In the 2022 Gold Rush of restaurant openings, it’s easy, for even the most enlightened foodie to lose sight of one, two, or even a handful of new places. For me, one of these was GAIA. So, much so that half way through my recent dinner there, ensconced in its Instagram neutral plush dining room, I had an unsettling feeling that perhaps I was the last to actually visit this place.
For on this holiday Monday, by 9pm, the room was heaving. Nearly 300 covers would be done that night – a feat that will have chefs and restaurant managers across Doha quickly do the sums in grudging admiration.
I had heard whispers about GAIA and that it was good. Very good in fact. One of Dubai via London Chef Izu Ani’s growing Doha empire, it is named for the Greek mother goddess and the personification of the Earth, GAIA bills itself as a “refined taverna”. I don’t actually know what that means but the menu is just two pages and covers all the Greek favorites.
A starter of creamy and garlicky Tzatziki (QR45) is serviceable but it’s the accompanying freshly grilled triangles of pita, with a light sheen of olive oil, that elevates it. Their take on Greek salad (QR65) comes with fat (and pitted) kalamata olives and salty capers.
A smartly dressed plate of cheese and spinach wrapped in filo – spanakopita (QR70) – is served with a glossy orb of sharpish yoghurt. The off menu special of vine leaves stuffed with sauteed seafood arrives adorned with plump mussels and tiny clams – it’s a little briny and texturally interesting, the sauce is deliberately, subtle. Not everyone’s cup of tea though.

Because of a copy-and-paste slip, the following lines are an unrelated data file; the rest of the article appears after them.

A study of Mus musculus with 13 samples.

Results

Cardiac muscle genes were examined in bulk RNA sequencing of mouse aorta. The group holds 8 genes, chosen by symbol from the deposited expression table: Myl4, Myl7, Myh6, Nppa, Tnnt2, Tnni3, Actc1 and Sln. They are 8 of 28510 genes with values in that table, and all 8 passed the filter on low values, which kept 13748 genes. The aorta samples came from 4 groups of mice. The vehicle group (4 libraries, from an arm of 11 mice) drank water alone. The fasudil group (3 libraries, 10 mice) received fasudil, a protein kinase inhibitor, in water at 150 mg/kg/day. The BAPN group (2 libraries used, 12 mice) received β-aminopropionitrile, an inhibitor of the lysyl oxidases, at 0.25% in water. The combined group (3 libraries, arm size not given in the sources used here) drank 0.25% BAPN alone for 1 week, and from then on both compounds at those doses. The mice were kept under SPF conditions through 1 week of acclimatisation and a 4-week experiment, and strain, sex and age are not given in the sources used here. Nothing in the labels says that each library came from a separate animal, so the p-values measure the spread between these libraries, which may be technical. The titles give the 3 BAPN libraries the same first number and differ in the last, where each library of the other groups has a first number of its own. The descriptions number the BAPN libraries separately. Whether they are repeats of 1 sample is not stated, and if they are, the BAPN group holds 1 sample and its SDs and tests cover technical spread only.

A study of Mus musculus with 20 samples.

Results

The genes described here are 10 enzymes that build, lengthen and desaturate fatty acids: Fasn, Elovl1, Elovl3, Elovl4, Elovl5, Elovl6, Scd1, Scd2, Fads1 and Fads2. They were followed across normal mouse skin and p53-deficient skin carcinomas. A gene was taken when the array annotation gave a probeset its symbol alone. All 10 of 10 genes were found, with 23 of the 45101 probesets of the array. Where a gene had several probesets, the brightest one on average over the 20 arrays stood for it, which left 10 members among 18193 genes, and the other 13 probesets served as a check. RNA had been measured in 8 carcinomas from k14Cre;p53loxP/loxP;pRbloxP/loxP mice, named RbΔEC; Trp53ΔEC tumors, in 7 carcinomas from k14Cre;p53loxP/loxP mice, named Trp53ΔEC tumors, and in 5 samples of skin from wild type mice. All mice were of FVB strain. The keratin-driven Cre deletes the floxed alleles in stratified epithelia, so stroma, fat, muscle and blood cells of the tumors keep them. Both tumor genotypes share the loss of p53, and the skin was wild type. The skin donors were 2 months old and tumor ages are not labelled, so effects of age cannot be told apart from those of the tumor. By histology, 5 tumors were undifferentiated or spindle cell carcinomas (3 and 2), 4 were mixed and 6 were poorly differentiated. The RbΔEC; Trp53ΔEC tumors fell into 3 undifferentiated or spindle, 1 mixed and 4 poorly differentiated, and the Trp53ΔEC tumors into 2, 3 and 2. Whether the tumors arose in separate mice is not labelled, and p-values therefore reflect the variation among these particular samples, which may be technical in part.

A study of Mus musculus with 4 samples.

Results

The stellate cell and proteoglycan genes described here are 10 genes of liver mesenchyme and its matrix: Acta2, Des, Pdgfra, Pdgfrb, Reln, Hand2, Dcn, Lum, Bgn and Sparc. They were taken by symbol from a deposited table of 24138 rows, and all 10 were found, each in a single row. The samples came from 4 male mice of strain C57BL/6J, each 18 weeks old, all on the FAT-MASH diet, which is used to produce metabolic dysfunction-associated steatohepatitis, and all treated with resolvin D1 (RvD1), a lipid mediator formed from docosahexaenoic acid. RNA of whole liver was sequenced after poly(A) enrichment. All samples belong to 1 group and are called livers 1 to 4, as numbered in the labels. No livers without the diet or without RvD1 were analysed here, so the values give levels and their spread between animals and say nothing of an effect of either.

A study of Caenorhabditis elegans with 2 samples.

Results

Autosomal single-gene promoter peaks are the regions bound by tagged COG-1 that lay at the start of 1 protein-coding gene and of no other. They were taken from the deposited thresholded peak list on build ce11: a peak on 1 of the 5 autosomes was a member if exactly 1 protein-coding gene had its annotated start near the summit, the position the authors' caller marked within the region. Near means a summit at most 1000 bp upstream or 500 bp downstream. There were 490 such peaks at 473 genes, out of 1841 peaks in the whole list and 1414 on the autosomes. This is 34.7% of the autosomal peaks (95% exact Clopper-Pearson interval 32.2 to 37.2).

The front of the dining room houses a small “fish market” where you can choose fish or shellfish, charged by weight, then select a cooking style for preparation. We opt for the Greek sea bass with a spiced tomato sauce. It arrives with a flourish in a pan the size of the Aegean. Our server deftly debones it – the flesh a fraction of being overcooked, the sauce tangy.
What’s listed as “Filo Mille Feuilles” (QR65), is a free form stack of perfectly browned and brittle pastry interspersed with light as air Chantilly cream, a dusting of crushed pistachios. A mound of spheres of fried Greek donuts (loukoumades) (QR55) are on the right side of doughy and sit on a bed of caramelized walnuts and honey.
The wine list pricing is punchier than I would like – reds start from QR90 by the glass, cocktails from QR70. Service is slick, unobtrusive and precise – there is no plate smashing and no DJ spinning 90s style Zorba remixes.
Tables in the dining are nestled closer than I have seen in a Doha restaurant for some time – so close I can follow the ticking hand on the expensive Swiss timepiece on the wrist of the gentleman at the next table. But it feels cozy rather than constricted. The mostly male service team weave in and out effortlessly deboning freshly grilled fish and other labor-intensive starters.
So….the verdict? Is GAIA Doha Great?
I agree with the well informed whispers that GAIA is good. And yes, I concur it’s very good and in the running for the title of the best of the growing number of Greek restaurants in this city. But…and this is a highly qualified but… it felt a little “corporate” or “by the numbers”.
This could be because of the size and volume of the dining room’s seating and the required effort to turn out the dishes. There were no less than four birthdays celebrated on my visit, we also saw nearby tables “turnover” at least once.
Fully aware it’s Greek inspired food, I’d love to see a bit more personality in the dishes on the menu. There is time for that though because in the current incarnation, Chef Izu and his team already have a winning formula.
The details and ratings:
📍GAIA at W Beach West Bay
⏰12pm to 3pm and 7pm to 11pm
🍽️the fresh fish and seafood is the star here
While you are here…
Yes, a return to restaurant reviews on this blog! It’s been a hot minute and it feels good.